BEATRIX POTTER, who created the classic Peter Rabbit character, fed her own pet rabbit Benjamin Bouncer pot, according to a new book about her Scottish inspiration.
The Victorian children's author recorded in her diary in 1890 how she gave the bunny drugs as a reward after her sketches of the pet were sold to a publisher for 6.
The rabbit was so intoxicated that when the 24-year-old Potter tried to draw him again the following morning, he was "wholly unmanageable".
She wrote: "What an investment that rabbit has been, in spite of the hutches. My first act was to give Bounce a cup of hemp seeds.
"The consequence being that when I wanted to draw him next morning he was intoxicated and wholly unmanageable."
The incident is revealed in a journal extract published in a new book, Beatrix Potter's Scotland, revealing the importance of Perthshire as an inspiration for Potter's famous stories and illustrations.
As a child growing up in London, Potter took great delight in nature and animals.
But it was on her trips to Scotland - to Birnham and Dunkeld in Perthshire - that she was able to develop the enthusiasm for nature that eventually reveal itself in the characters, such as Mr Jeremy Fisher and Peter Rabbit, that made her famous.
The book's author Lynne McGeachie, of the Beatrix Potter Society, said of the hemp incident: "After several rejections by other publishers, the firm of Hildesheimer & Faulkner had accepted drawings Beatrix had submitted to them as possible Christmas cards, and had paid her 6.
"Beatrix was delighted and celebrated. It was the first of her work to be published."
Banjamin Bouncer was an inspiration to Beatrix Potter.
But Mrs McGeachie also reveals in the book how the bunny was so spoiled with "sweeties" while on holidays to Perthshire that in 1892 the pet suffered a serious bout of toothache and a swollen face.
She said: "Looking after her beloved pets, especially her rabbit Benjamin Bouncer, was always a priority. Safe from Miss Hutton's cat on his leather lead Benjamin loved his walks in the garden with Beatrix where he could sniff the fresh air and nibble assorted greenery.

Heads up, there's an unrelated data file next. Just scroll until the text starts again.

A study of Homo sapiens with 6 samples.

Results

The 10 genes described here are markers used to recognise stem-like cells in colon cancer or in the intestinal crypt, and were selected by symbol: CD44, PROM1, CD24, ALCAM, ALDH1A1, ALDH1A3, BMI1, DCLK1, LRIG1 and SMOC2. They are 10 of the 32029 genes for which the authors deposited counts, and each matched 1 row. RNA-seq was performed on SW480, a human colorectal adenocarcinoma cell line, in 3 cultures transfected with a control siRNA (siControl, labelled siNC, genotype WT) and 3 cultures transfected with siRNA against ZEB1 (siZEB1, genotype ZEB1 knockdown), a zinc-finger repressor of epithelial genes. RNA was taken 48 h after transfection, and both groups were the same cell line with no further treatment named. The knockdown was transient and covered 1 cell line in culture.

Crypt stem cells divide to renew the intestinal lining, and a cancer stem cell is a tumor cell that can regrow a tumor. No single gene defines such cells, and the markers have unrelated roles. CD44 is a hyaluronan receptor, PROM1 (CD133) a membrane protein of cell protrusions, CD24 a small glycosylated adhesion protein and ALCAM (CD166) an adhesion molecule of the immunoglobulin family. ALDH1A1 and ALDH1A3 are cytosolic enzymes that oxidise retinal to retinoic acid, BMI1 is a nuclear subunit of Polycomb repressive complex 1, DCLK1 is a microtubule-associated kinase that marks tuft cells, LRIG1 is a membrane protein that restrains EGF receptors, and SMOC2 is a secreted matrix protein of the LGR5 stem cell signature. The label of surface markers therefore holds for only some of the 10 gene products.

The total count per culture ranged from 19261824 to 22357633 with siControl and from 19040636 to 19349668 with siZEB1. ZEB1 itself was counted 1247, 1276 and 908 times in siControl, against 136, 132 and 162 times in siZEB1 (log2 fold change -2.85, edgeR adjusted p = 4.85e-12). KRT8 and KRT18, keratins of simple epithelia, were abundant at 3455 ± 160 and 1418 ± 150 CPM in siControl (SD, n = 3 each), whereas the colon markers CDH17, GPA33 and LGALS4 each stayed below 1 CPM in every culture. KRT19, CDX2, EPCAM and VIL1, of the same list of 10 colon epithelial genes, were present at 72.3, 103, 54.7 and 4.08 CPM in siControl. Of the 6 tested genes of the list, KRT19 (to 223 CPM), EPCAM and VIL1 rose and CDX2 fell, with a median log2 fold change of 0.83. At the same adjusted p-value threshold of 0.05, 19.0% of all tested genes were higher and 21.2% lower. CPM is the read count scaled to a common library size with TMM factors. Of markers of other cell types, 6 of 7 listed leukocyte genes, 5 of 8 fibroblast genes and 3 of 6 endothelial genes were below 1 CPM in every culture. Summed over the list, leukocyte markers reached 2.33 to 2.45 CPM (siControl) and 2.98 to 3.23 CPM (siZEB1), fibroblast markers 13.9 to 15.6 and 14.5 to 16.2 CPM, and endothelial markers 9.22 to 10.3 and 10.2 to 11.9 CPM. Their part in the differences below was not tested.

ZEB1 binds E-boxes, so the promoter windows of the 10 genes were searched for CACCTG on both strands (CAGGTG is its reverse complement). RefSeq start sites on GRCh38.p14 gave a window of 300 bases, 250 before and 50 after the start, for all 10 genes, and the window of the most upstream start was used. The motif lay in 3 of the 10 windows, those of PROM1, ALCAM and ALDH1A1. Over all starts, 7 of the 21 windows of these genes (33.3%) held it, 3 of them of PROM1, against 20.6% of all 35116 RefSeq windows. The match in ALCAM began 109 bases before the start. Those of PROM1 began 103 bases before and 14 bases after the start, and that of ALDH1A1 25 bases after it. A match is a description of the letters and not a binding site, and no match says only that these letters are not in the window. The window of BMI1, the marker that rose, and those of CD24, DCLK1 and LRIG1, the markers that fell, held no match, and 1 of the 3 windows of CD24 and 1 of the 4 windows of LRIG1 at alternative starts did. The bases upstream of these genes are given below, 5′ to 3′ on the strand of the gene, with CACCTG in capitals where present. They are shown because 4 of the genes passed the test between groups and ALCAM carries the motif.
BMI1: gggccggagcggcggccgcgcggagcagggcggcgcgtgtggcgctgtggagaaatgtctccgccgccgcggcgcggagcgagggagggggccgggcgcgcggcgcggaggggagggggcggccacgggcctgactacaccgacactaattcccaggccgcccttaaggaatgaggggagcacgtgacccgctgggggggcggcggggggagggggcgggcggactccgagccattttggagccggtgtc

"Benjamin also loved the peppermints and other 'sweeties' given to him by Beatrix's father and (local gamekeeper] McDougall and soon developed toothache and a swollen face as a consequence.
"Beatrix found an examination of his tiny mouth quite difficult, but concluded that none of his teeth seemed broken.
"She wrote in exasperation in her journal, 'This comes of peppermints and comfits.
INSPIRED IN SCOTLAND
ALTHOUGH she is forever associated with the Lake District - where she would eventually live - it was in Scotland that Beatrix Potter first learned to love nature.
The author and illustrator was only five years old when her father decided to rent Dalguise House in Perthshire.
And for the next 11 years the family would decamp from their home in South Kensington to Scotland and the beloved home in the woods. Beatrix Potter's father, Rupert, who was a barrister, would fish for salmon along the banks of the Tay.
It was from Perthshire in 1893 that Beatrix wrote the illustrated picture letter which was to become The Tale of Peter Rabbit. Both Mrs Tiggywinkle and Jeremy Fisher were said to have been inspired by characters she met on holiday in Scotland. I have been quite indignant with papa and McDougall, for Benjamin has not the sense to suck the minties when obtained'."
Despite his sweet tooth, Benjamin was capable of giving a nasty bite.
During the 12 hour train journey from London to Perth in summer 1892, Potter took Benjamin out of his travelling basket to check that all was well, and despite being a seasoned traveller the rabbit took fright and ‘bit the family'.
l Beatrix Potter's Scotland, is published on 1 September by Luath Press, priced 12.99.